Patricia A. McKillip is the author of several wonderful books (my favourites being Alphabet of Thorn and Winter Rose) and is one of the few fantasists in the publishing world that is original. Although her stories may contain typical fantasy elements (dragons, heroes, kingdoms, quests, good versus evil, etc) they are written in such beautiful poetic-prose that the stories transcend the clichés they stem from; reading more as luminous fairytales than hum-drum fantasy. Although the prose is beautiful, it is also an acquired taste. When I was first introduced to her work, I found it rather difficult to adjust to a story that was often hidden under such dense, rich language. Of course, it’s worth it in the end, but for those just starting out on McKillip, perhaps this anthology of short stories is a good starting place.
And for those already well-versed in the magic of McKillip’s writing, a series of stories is an added bonus to add to a collection. McKillip is just as skilled in the creation of short stories as she is in full-length novels, and sometimes a quick-fix of her work is just what a devoted reader needs. Containing fifteen stories (some of which span a few pages, others which are better described as novellas); there’s enough variety amongst them to keep each one fresh and interesting.
In the story that gives the book its title, “Harrowing the Dragon”, a dragon-slayer comes to the island of Hoarsbreath in order to harrow the dragon from its shores. He is joined by a native of the island, a young woman who isn’t too sure if she wants the dragon to go. “A Matter of Music” concerns Cresce Dami, a bard who has freshly graduated from her school with ambitions of playing in Daghian. Attempting to negotiate her way through the rules and etiquette of playing music in a high court, Cresce becomes involved in the political machinations of the countries surrounding her. These stories are by far the longest in the entire book, and are typical of McKillip’s wonderful world-building and imagery.
McKillip borrows from other fairytales too: in “Baba Yaga and the Sorcerer’s Son”, she uses the Russian folklore of Baba Yaga and her chicken-legged house to imagine a meeting between the witch and a young wizard who needs her help, whilst the Hans Christian Anderson tale of “The Snow Queen” imagines a contemporary setting in which Kay cheats on his devoted wife Gerda with a beautiful stranger… but Gerda — whose entire life has revolved around Kay — finds a hidden strength of her own to survive his betrayal. “The Lion and the Lark” is an amalgamation of several fairytales, (most obviously Beauty and the Beast, though keep your eyes open for the others) which makes it a little predictable, though ends with an image of amazing imaginary force. Finally, in the story that ends the book, “Toad” is an explanatory back-story of “The Frog Prince”, explaining why the prince would agree to marry such a spoilt princess. McKillip looks deep into the imagery at work throughout the fairytale, using the golden ball and the frog’s intrusion into the princess’s life as a metaphor for her burgeoning maturity. I’ll never look at the Frog Prince the same way again.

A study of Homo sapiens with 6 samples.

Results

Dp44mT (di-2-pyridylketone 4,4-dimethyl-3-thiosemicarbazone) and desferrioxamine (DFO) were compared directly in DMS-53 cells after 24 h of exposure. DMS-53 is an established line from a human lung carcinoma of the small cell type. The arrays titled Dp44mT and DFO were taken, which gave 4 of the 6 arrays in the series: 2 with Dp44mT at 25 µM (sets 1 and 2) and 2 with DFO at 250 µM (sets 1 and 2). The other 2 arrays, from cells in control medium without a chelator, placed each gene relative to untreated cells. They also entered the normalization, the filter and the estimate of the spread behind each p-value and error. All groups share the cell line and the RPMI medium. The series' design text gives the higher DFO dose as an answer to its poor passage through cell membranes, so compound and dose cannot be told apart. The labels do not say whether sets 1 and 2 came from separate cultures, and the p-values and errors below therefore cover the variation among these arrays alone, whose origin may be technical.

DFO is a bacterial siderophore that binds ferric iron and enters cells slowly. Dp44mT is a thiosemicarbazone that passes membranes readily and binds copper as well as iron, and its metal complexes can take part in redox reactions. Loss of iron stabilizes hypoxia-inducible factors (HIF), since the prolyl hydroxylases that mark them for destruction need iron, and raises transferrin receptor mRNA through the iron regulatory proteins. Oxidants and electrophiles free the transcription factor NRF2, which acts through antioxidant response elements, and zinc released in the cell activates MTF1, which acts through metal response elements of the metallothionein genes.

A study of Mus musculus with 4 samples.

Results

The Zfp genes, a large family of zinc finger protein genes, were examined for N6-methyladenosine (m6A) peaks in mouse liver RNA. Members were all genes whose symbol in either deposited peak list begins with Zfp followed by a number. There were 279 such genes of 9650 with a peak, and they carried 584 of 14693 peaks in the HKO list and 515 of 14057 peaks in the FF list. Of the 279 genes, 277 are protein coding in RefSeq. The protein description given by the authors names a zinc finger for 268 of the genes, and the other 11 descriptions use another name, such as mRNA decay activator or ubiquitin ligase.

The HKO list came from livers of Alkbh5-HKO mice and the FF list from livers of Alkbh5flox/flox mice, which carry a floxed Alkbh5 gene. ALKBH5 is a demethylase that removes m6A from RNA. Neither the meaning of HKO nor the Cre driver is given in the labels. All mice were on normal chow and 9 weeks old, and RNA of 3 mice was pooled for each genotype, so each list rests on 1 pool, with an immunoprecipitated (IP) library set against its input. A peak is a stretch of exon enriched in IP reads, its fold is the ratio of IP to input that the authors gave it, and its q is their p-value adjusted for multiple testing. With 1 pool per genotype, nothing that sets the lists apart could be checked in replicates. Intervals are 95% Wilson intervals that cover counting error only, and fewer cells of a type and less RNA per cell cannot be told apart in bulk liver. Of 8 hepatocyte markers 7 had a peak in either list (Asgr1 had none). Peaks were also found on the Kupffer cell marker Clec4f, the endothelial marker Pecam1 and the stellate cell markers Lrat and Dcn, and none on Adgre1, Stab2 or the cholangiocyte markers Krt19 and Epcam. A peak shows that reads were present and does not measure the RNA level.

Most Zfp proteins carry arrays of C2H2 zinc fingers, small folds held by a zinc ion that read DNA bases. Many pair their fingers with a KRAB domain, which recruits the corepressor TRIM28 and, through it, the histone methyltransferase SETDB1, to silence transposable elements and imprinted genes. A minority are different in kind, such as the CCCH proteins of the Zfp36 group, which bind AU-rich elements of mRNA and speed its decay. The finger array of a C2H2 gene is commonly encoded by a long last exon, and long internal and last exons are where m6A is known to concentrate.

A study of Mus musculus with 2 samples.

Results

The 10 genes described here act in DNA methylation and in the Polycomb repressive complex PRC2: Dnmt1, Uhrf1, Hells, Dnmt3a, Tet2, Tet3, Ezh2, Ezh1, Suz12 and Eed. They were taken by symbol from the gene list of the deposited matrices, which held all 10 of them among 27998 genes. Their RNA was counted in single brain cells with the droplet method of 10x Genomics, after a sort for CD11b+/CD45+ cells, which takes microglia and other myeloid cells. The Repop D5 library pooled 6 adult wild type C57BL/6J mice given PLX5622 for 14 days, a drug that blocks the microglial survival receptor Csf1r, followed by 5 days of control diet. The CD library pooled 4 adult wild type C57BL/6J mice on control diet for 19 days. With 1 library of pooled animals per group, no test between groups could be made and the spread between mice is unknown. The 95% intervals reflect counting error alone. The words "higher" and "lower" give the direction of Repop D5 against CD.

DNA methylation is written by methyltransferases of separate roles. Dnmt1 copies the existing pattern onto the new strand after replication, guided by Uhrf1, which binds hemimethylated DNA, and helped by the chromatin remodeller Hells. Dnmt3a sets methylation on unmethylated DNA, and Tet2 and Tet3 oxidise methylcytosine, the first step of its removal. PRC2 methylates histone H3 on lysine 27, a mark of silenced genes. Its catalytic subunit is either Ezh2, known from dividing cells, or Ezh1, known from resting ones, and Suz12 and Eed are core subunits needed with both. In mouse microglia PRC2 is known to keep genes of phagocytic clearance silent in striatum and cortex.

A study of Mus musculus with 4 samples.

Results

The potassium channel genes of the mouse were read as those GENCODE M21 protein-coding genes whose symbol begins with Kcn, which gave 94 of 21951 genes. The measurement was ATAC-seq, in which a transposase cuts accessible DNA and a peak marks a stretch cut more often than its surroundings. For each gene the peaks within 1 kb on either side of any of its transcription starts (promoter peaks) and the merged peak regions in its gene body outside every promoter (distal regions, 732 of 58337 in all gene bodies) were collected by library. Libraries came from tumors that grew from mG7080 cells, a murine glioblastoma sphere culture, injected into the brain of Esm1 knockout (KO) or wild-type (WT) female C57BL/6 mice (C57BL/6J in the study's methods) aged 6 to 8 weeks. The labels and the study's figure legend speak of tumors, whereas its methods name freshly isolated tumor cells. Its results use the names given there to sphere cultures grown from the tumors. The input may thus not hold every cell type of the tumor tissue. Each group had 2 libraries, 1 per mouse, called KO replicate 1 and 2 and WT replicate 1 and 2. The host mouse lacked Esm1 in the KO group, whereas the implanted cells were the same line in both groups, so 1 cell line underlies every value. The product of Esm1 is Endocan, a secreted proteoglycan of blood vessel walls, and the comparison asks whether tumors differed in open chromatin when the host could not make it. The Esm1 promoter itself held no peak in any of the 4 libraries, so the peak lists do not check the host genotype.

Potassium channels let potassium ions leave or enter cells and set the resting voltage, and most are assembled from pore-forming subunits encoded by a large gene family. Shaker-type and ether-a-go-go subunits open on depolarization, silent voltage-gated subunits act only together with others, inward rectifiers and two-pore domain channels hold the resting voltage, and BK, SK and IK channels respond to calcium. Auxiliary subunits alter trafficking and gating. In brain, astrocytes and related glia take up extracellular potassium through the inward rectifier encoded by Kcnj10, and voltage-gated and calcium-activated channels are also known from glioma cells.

As well as building on other sources, McKillip creates fairytales all her own. In “A Troll and Two Roses” she weaves the tale of an ugly troll who becomes enraptured by a beautiful rose and its connection to two enchanted lovers, while in “The Fellowship of the Dragon” five bards go out in search of the Queen’s favourite harper, only to fall prey to the traps and snares strewn throughout the wood they must traverse. “Lady of the Skulls” (one of my favourites) involves a mysterious tower in the desert, to which many questing knights travel, attracted by the promise that should they take the most precious thing that it holds, they will be allowed to keep it. The catch? If they choose wrongly, they die. Then there’s “The Stranger”, which concerns a man who forms dragons out of the colors in nature and his own imagination, and the weaver-woman who tries to prevent him from the destruction he wreaks. In “Voyage into the Heart”, we are privy to a unicorn hunt in which the bait (a young virgin naturally) is unaware of her part to play in its capture.
There are two other stories that don’t seem to fit into any category: “The Witches of Junket”, which involves three prodigal grand-daughters returning to their hometown to help destroy an escaping evil, and my personal favourite “Starcrossed”, which concerns the investigation into the deaths of Romeo and Juliet by a soldier who is disillusioned with love. It’s a fantastic concept, and McKillip pulls it off brilliantly.
Lastly there are two little stories (which come across more like experimental writing exercises) “Ash, Wood, Fire” and “Transmutations”, the former concerning the dynamics of a medieval kitchen, the latter exploring what goes on in an alchemical laboratory. They are probably the weakest stories of the anthology, but they are both reasonably short (and with other such exemplary stories on display, it doesn’t really bear complaining about). Besides, thirteen out of fifteen ain’t bad.
Altogether, this is a great collection and a must for any McKillip (not to mention K. Y. Craft, who always provides beautiful cover art) fan.